Monthly Archives: April 2011

Children and Aloha land

I have traveled all the way out from Singapore to Hawaii to atend the World Forum in Early Childhood Education. This is a dream I had been nurturing for the past four years – to get involved in a deeper and meaningful level in advocating for children, and this I believe is the right forum for that. Well I am here early, have not yet made contact with the outside world – been taking walks and sitting in my room and thinking about my presentation. This hermit like existence suits me for now but tomorrow I will explore Hawaii some, and the day after, the activities will kick start for some of us. The forum itself is from 3rd May to 6th May.

Having come here without a camera – to relieve me from the bother of taking care of one more possession, I may not be able to post any interesting pictures, but I certainly will try to write about my experince every single day. Aloha and cheers till the next one.


Does College Begin in Kindergarten?

Its not news hot of the press, not one terribly relevant to the tiny island I live in, nor something that created waves nay even ripples around the world. Yet it this piece of news that I would like to re-kindle my blogging habit and jumpstart my new site dedicated to early childhood issues with.

The story is about a mother of a four year old who sues the pre-school for allegedly letting her child play with two year olds and teaching her about shapes and colors instead of preparing her for a placement into an elite elementary school which would then set her on a road to an Ivy League Education.

http://www.thecrimson.com/article/2011/3/15/york-school-imprescia-preschool/

I can only imagine any early childhood educator laughing out a loud unapologetic guffaw. This is because we know:

1. College does not begin at Kindergarten: Kindergarten begins in Kindergarten – yes Sir Ken Robinson?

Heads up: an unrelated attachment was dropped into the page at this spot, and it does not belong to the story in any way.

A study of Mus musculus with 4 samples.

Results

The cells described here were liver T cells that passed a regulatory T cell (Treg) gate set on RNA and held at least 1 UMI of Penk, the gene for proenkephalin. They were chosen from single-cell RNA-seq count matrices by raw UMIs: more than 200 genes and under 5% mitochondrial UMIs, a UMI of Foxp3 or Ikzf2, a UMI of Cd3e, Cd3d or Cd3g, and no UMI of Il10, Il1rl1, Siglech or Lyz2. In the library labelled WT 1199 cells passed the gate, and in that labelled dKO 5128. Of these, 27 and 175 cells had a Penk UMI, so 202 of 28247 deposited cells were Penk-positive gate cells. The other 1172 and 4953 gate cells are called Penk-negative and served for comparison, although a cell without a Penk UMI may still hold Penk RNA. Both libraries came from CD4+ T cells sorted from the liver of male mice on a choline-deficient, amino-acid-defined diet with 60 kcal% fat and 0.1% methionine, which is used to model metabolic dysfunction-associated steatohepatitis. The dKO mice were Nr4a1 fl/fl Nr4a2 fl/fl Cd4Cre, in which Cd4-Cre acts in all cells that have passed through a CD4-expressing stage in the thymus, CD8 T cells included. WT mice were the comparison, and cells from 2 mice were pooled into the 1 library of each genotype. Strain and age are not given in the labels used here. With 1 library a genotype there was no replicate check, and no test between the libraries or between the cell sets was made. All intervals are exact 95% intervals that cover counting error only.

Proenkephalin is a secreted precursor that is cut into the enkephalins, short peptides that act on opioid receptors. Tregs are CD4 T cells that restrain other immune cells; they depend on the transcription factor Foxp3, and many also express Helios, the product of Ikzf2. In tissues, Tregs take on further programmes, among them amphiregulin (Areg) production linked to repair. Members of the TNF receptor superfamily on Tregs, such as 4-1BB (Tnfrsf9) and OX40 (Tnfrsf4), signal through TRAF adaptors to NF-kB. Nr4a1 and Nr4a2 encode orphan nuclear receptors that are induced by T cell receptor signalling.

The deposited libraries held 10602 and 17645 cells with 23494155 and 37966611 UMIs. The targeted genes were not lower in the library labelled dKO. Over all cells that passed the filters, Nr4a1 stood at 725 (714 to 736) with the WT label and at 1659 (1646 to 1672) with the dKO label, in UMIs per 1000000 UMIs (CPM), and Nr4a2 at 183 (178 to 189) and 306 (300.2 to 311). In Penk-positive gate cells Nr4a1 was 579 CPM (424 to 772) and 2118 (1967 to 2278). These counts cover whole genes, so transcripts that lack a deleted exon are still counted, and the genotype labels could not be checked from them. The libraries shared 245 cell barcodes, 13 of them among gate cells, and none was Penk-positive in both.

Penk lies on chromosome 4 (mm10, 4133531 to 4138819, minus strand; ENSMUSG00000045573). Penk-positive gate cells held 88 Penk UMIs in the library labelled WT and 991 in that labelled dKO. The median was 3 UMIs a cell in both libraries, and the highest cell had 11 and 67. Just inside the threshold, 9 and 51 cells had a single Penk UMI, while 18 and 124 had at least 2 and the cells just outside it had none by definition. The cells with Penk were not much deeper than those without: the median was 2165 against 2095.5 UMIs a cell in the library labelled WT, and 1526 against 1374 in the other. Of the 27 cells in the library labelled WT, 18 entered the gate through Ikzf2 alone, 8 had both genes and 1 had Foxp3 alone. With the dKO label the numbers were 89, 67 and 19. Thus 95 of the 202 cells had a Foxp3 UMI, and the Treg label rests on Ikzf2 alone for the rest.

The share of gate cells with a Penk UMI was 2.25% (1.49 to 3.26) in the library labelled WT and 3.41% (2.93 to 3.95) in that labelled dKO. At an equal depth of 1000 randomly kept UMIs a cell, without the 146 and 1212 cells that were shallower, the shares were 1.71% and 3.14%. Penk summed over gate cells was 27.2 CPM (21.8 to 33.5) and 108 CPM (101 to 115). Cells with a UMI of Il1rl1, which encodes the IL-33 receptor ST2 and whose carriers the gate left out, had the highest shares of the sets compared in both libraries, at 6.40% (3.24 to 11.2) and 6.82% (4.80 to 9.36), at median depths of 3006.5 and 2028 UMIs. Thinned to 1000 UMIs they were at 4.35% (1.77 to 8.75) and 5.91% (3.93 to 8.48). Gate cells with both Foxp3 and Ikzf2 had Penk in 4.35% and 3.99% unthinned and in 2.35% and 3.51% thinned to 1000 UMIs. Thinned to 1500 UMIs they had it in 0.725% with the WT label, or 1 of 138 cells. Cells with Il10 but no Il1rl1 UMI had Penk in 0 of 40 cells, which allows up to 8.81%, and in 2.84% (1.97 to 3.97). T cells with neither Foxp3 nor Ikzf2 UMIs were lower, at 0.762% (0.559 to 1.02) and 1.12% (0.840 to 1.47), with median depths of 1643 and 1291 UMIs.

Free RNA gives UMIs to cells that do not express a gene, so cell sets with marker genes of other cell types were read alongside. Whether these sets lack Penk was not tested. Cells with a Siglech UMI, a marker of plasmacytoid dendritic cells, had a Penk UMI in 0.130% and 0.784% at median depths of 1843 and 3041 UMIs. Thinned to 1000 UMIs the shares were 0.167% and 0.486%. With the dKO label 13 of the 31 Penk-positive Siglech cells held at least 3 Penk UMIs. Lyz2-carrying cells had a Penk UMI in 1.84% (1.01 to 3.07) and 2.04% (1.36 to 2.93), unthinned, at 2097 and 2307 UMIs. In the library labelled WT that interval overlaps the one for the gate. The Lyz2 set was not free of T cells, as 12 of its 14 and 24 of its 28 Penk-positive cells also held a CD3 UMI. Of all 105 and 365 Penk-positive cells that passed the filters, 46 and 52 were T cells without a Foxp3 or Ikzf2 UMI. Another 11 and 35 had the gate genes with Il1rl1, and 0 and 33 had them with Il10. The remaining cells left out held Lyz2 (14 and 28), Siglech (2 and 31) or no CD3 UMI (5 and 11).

http://www.ted.com/talks/lang/eng/sir_ken_robinson_bring_on_the_revolution.html

[Yet to figure out how to embed a video in a blog]

2. It is the job of every educator to do the best for the child and with the child for the here and now, promising what comes next will only lead to pushing down of curriculum and losing focus on the whole child.

3. In this day and age of looming uncertainties ahead, no pre-school should make promises especially such distant ones like a guaranteed Ivy League Education.

Parents too should know that there can be no such gurantee but a host of factors can affect the childs chances. I am not even going to begin a discussion on why Ivy League is not the only option for becoming productive, secure, contributive or creative individuals.

However there is a group of people I expected/still do expect a reaction from; the administrators at the Ivy League colleges. Tell us that no research indicates high chances for individuals from a certain Kindergarten. Tell us that a diveristy of backgrounds, strengths and talents is what you are looking for in your students. Tell us what your own research says about the effects of standardized tests on the very young. Make a stand and if you don’t you perhaps should not be such sought after insituitions after all.